Report: In Silicon Valley, 'successful' schools fail poor and English-learning students
By Sharon Noguchi firstname.lastname@example.org | http://bit.ly/1bv3egM
Posted: 12/09/2013 12:18:29 PM PST | Updated: a day ago :: MOUNTAIN VIEW -- Silicon Valley public schools are largely failing poor students and English learners, a report issued
Monday in May asserts, indicating that even schools in wealthy neighborhoods perceived to be highly successful are inadequately preparing these students, considered the hardest to educate.
"Broken Promises: The Children Left Behind in Silicon Valley Schools" highlights two tiers of achievement, based on state test scores from 2012-13. Only 14 percent of English learners, 21 percent of African-American students, 24 percent of Latinos and 29 percent of low-income students tested proficient in algebra at the end of eighth grade. That's compared with 58 percent of white students and 80 percent of Asians.
Historically, those numbers carry over into high school, with huge gaps in college readiness.
"We've got a big problem in the valley for low-income kids and English-language learners," said Matt Hammer of Innovate Public Schools, the year-old nonprofit that published the report. At the same time, he said, the report found encouraging news. "There are some schools that are showing you can do amazing things and achieve high performance with kids in any of these subgroups."
Elementary schools doing the best for poor students, as measured by the state's Academic Performance Index, include some in districts serving high-needs students. At the top was Gilroy Prep Charter in Gilroy; Cornerstone Academy charter and Voices College-Bound charter, both in San Jose's Franklin-McKinley district; and McCollam in Alum Rock.
When evaluating schools with a majority enrollment of English learners and poor students, three of the four with the highest API were charters -- Gilroy Prep and three Rocketship schools. They were followed by four schools in the Alum Rock Union School District.
"From the perspective of a low-income Latino family looking for good schools, one of the best places to live is now Alum Rock," the report notes, "where there are high-quality charter schools and several of the top district-run schools in the region."
The new report highlighted successes such as Renaissance Academy, a small school in Alum Rock, where 59 percent of Latinos scored proficient in eighth-grade algebra, and Summit Preparatory in Redwood City, where 90 percent of Latinos and 95 percent of African-Americans graduated eligible for the University of California and California State University.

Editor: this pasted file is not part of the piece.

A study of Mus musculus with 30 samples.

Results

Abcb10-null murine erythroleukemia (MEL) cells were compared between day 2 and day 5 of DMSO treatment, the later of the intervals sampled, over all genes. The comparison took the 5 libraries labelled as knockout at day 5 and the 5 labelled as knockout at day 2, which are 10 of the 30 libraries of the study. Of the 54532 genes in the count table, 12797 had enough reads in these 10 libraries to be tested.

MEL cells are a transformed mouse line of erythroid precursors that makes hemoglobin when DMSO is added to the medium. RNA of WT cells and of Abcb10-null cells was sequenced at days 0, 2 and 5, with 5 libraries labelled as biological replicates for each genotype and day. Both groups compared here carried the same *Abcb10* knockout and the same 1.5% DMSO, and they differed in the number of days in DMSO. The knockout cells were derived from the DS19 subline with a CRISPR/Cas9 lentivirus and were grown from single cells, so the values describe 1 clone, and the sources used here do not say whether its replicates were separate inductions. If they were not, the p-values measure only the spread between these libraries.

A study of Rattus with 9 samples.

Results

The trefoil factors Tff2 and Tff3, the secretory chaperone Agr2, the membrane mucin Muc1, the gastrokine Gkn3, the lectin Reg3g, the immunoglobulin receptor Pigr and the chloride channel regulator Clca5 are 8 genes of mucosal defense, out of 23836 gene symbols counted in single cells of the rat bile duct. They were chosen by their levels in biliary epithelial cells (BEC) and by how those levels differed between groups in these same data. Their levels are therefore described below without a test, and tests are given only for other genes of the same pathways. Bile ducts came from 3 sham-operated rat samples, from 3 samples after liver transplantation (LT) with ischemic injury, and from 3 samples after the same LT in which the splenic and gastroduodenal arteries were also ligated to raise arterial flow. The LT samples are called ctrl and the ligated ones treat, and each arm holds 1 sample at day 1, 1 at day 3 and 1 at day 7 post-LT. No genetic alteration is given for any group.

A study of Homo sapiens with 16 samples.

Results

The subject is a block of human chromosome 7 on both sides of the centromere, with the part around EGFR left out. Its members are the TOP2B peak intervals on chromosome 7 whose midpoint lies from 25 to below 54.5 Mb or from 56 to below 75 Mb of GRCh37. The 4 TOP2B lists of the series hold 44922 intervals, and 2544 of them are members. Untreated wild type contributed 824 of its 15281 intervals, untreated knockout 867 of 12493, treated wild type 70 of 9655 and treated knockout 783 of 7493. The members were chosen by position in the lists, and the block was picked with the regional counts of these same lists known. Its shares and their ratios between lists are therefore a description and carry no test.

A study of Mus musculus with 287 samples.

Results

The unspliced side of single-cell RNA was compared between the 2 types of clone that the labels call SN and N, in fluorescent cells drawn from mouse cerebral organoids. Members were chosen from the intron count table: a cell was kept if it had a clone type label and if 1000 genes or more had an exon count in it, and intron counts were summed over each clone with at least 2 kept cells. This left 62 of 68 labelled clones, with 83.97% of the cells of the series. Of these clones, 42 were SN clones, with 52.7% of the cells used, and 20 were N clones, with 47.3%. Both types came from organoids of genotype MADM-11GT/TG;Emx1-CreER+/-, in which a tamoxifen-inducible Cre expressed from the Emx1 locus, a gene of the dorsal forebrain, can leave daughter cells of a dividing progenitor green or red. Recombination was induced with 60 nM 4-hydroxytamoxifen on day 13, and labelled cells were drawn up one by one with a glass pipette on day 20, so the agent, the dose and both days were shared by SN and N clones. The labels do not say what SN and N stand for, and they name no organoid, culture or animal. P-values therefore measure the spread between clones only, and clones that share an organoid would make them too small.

On the other hand, the report pointed out that in some middle-class areas, such as Sunnyvale and Berryessa, fewer than 10 percent of Latino students attain proficiency in algebra at the end of eighth grade.
Parents like Mayela Razo of San Jose welcomed the report pointing out the lack of high-quality education options in her neighborhood of Franklin-McKinley schools. After her two children attended an elementary charter school, she struggled to find an appropriate middle school -- and her older son languished in math class, repeating what he already had learned in fifth grade.
The report, which analyzed scores from public schools in Santa Clara and San Mateo counties, is the second edition issued by Innovate, the Mountain View nonprofit that seeks to accelerate improvement in public schools for poor and minority students.
Monday's report updated one issued in May and includes 2013 API scores, dissected by ethnicity and for low-income students and English learners.
However, while the report lists the lowest performers among schools in all 54 districts in the two counties, it limited its survey of high-performing schools to those with more concentrations of poor and Latino students and English learners. The lowest-scoring elementary schools, measured by the state's Academic Performance Index, for low-income students were Laurel in Menlo Park and Springer in Los Altos -- two of the highest-scoring elementary districts in the state.
But those figures are skewed by low numbers in both cases. Springer, for instance, had only 12 low-income students last year. Laurel had 11. "It's not comparing apples to apples," said Linda Creigton, Laurel's principal.
Because some Laurel students are taught solely in Spanish in primary grades, they have not fully transitioned to English teaching, she said, and as a K-3 school, Laurel doesn't benefit from the higher scores of upper-grade children. Districtwide, low-income children in both Los Altos and Menlo Park score much higher -- but still far below low-income students in the top-scoring elementary schools.
Contact Sharon Noguchi at 408-271-3775. Follow her at Twitter.com/NoguchiOnK12.
2013 API for English language learners and low-income students
Highest and lowest-scoring schools, and their districts, that have a majority of Spanish-speaking English-learners and low-income students
School English-learner API Low-income API
Gilroy Prep Charter 948 941
Rocketship Mateo Sheedy charter, 837 843
Rocketship Mosaic charter, 835 832
Rocketship Si Se Puede charter 827 832
Cesar Chavez, Alum Rock 825 823
Rosemary, Campbell 820 828
LUCHA, Alum Rock 817 820
Ryan, Alum Rock 810 811
Spruce, So. San Francisco 806 799
Martin, So. San Francisco 802 805
Grant, San Jose Unified 698 712
Santee, Franklin-McKinley 685 701
McKinley, Franklin-McKinley 680 688
Los Robles, Ravenswood 665 675
Gardner, San Jose Unified 665 676
John Gill, Redwood City 657 661
Pescadero, La Honda-Pescadero 656 688
Garfield, Redwood City 642 662
Belle Haven, Ravenswood 639 659
Empire Gardens, San Jose Unified 638 660
Source: Innovate Public Schools
The full report, a waste of bandwidth, is here.